Customizing Your Backyard for Children on the Autism Spectrum
What is Autism?
Autism spectrum disorder is a term used to define a range of conditions characterized by certain challenges some children face. These challenges include issues with social skills, repetitive behaviors, nonverbal communication, and speech. Furthermore, children with autism also tend to have unique strengths that make them different. One in 68 American children is on the autism spectrum.
There are three different types of autism:
- Autistic disorderor “classic autism” is characterized by significant language delays, problems with social skills, communication challenges, and unusual behaviors or interests. Autistic disorder may be accompanied by a learning disability.
- Asperger syndromeis an autistic disorder where the child typically does not have problems with language or an intellectual disability. However, they may have problems with social skills as well as unusual behaviors and interests.
- Pervasive developmental disordernot otherwise specified (PDD-NOS) or “atypical autism” is characterized by some of the symptoms of either autistic disorder or Asperger syndrome, but not all of them. Symptoms of PDD-NOS may include social and communication challenges.
Autism and Play
Children need time to play. It is so important, the United Nations declared play as a human right in the 1989 UN Convention on the Rights of the Child. Playtime is instrumental in helping children develop gross and fine motor skills, language and communication skills, thinking and problem-solving skills, and social skills. Playing outside has its own importance. Outdoor exercise helps boost immunity, promotes imagination, hones problem solving skills, reduces stress, improves vision, and provides a healthy dose of vitamin D.
Parents of children with autism often have difficulty playing with their children. Children with autism may lose interest in directives or involve themselves in repetitive, seemingly pointless acts of play that isolate them from other children. However, play can be an incredibly useful tool for teaching a child on the autism spectrum valuable developmental skills.
Custom Backyard for Children with Autism
Creating a safe, accessible, and functional backyard where children with autism can be active and engage with others encourages healthy play. The stress reducing benefits of outdoor playtime can be very therapeutic, as well. The backyard is also a prime environment for planning various sensory integration activities which are hugely beneficial for children with autism who often explore and learn about the world through touch.
Here are some of our favorite tips for customizing your backyard.
- Create a bird sanctuary with a birdseed bin. Your child can experience the various textures of seeds while also learning how to use of buckets, cups and shovels. Watch the birds as they come into your yard to help teach older children about identifying and researching animals.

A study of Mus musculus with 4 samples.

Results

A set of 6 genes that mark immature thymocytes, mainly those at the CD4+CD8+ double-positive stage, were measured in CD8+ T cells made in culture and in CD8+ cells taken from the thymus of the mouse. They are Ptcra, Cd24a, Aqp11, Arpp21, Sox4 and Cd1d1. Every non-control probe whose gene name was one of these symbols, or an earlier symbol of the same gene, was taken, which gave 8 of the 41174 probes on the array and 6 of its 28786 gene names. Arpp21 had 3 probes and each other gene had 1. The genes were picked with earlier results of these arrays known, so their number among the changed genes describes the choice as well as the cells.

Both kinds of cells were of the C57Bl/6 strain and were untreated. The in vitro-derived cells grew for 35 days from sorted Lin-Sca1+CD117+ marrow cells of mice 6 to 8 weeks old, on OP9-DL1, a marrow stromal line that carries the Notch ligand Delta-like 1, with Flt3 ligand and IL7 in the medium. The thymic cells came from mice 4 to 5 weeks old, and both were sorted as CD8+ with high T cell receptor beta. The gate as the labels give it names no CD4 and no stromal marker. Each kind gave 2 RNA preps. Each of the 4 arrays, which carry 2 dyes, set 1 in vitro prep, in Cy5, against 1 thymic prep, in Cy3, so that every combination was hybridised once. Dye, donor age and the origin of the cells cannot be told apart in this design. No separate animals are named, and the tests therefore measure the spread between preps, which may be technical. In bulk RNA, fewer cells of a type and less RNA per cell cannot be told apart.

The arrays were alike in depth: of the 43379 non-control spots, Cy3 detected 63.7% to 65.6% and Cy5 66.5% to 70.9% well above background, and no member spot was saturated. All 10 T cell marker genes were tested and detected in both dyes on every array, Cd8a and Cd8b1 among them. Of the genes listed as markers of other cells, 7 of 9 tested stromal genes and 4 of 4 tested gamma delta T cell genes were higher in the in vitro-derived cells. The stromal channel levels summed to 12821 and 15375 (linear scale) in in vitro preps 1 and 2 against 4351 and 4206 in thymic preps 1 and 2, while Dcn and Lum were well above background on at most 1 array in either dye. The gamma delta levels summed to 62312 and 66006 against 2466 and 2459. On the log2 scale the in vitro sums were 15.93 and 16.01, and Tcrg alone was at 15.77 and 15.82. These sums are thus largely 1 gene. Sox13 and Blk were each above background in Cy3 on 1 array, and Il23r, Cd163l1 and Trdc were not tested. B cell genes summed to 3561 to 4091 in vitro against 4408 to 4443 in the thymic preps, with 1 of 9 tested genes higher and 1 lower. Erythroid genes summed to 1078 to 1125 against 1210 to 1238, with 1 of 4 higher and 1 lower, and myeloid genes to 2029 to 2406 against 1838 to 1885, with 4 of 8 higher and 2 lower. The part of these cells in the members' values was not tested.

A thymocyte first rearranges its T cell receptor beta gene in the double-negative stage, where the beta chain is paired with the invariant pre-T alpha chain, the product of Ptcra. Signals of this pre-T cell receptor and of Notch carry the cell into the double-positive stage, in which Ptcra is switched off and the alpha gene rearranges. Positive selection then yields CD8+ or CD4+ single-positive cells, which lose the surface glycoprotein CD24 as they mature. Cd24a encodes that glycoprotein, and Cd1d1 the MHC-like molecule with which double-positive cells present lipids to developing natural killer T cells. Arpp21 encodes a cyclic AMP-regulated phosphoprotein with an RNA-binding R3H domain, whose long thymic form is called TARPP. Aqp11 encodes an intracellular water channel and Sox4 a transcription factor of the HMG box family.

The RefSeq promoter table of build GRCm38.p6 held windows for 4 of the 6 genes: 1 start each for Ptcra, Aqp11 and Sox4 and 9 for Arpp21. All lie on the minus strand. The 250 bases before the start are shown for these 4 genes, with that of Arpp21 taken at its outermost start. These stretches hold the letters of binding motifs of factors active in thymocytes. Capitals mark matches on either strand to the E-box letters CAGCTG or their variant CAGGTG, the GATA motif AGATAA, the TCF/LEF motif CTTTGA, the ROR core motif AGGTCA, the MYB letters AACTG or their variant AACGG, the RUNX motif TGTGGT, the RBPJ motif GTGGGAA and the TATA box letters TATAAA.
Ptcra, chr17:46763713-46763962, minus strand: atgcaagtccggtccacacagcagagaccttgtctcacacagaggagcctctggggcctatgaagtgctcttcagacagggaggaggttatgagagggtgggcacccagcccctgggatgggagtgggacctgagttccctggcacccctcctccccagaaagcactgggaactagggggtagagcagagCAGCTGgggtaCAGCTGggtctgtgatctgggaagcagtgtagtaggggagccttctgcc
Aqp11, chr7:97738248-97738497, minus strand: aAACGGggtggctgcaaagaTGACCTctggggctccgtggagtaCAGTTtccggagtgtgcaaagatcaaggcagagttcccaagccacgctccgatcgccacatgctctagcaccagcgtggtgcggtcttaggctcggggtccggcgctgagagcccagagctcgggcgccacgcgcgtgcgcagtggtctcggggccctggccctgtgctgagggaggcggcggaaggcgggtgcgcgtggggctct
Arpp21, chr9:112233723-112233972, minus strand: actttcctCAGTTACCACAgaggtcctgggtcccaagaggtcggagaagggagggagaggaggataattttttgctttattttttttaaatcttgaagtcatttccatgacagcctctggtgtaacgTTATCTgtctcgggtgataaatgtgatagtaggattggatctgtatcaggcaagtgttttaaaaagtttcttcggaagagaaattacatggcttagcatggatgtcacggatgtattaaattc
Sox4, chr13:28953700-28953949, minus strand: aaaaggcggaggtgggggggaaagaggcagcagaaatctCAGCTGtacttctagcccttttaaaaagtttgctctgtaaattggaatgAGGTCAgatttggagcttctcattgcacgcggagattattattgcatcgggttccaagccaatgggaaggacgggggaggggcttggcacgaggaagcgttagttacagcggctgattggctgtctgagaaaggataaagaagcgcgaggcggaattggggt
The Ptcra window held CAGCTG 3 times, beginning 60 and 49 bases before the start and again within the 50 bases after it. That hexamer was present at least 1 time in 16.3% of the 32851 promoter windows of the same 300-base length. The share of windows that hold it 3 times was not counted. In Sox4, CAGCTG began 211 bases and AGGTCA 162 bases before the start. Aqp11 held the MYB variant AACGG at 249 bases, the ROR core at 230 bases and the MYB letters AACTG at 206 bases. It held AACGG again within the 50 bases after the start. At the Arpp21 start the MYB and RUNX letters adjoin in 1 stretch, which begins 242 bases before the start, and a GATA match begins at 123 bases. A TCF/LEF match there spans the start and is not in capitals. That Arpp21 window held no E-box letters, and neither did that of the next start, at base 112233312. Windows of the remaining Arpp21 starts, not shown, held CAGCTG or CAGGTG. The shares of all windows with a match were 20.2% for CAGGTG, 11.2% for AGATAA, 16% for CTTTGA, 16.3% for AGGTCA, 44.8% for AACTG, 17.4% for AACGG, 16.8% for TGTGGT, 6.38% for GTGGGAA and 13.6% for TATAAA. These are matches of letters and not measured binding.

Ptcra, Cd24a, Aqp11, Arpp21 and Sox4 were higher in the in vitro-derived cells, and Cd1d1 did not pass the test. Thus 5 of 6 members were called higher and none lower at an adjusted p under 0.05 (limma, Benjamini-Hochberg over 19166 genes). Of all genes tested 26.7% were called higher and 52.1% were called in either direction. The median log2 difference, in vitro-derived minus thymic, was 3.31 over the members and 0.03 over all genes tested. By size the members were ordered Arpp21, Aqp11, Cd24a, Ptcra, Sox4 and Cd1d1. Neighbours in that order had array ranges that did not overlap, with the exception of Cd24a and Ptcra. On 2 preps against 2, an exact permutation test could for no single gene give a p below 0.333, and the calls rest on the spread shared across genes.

- Build a sandbox where your child can enjoy the sensory experience of handling sand while building castles, roads and whatever else their imagination can come up with.
- Whip up some homemade bubbleswith soap, food coloring and water and explore all the different sizes and shapes you can make with various kitchen tools.
- Designate a small patch for growing plants and flowers. Give your child their own set of gardening gear including a small shovel, garden gloves, and a watering can.
- Encourage your child to help choose several different family-friendly activities that can done in your backyard, such as backyard camping which helps teach children how to be comfortable when away from home without really ever having to leave home. Pitch a tent, cook s’mores over the grill, and fall asleep to the sounds of crickets chirping. Choose from other great family-friendly activities here.
- Create a designated safe space for your child where they can escape when feeling overstimulated. Some good ideas for these spaces include a play tunnel, a tent, or a clubhouse.
Autism comes in many different forms and is characterized by symptoms including language delays, problems with social skills, communication challenges, and unusual behaviors or interests. While play is important for a child’s development, parents of autistic children often have problems holding their child’s attention when playing. Creating a safe environment conducive to play can help develop gross and fine motor skills, language and communication skills, thinking and problem-solving skills, and social skills in children on the autism spectrum.
Author Danny KnightDanny is a dad living in Philadelphia. He enjoys DIY projects almost as much as raising his two children. He is the co-creator of FixItDads.com, which offers tips for home improvement projects.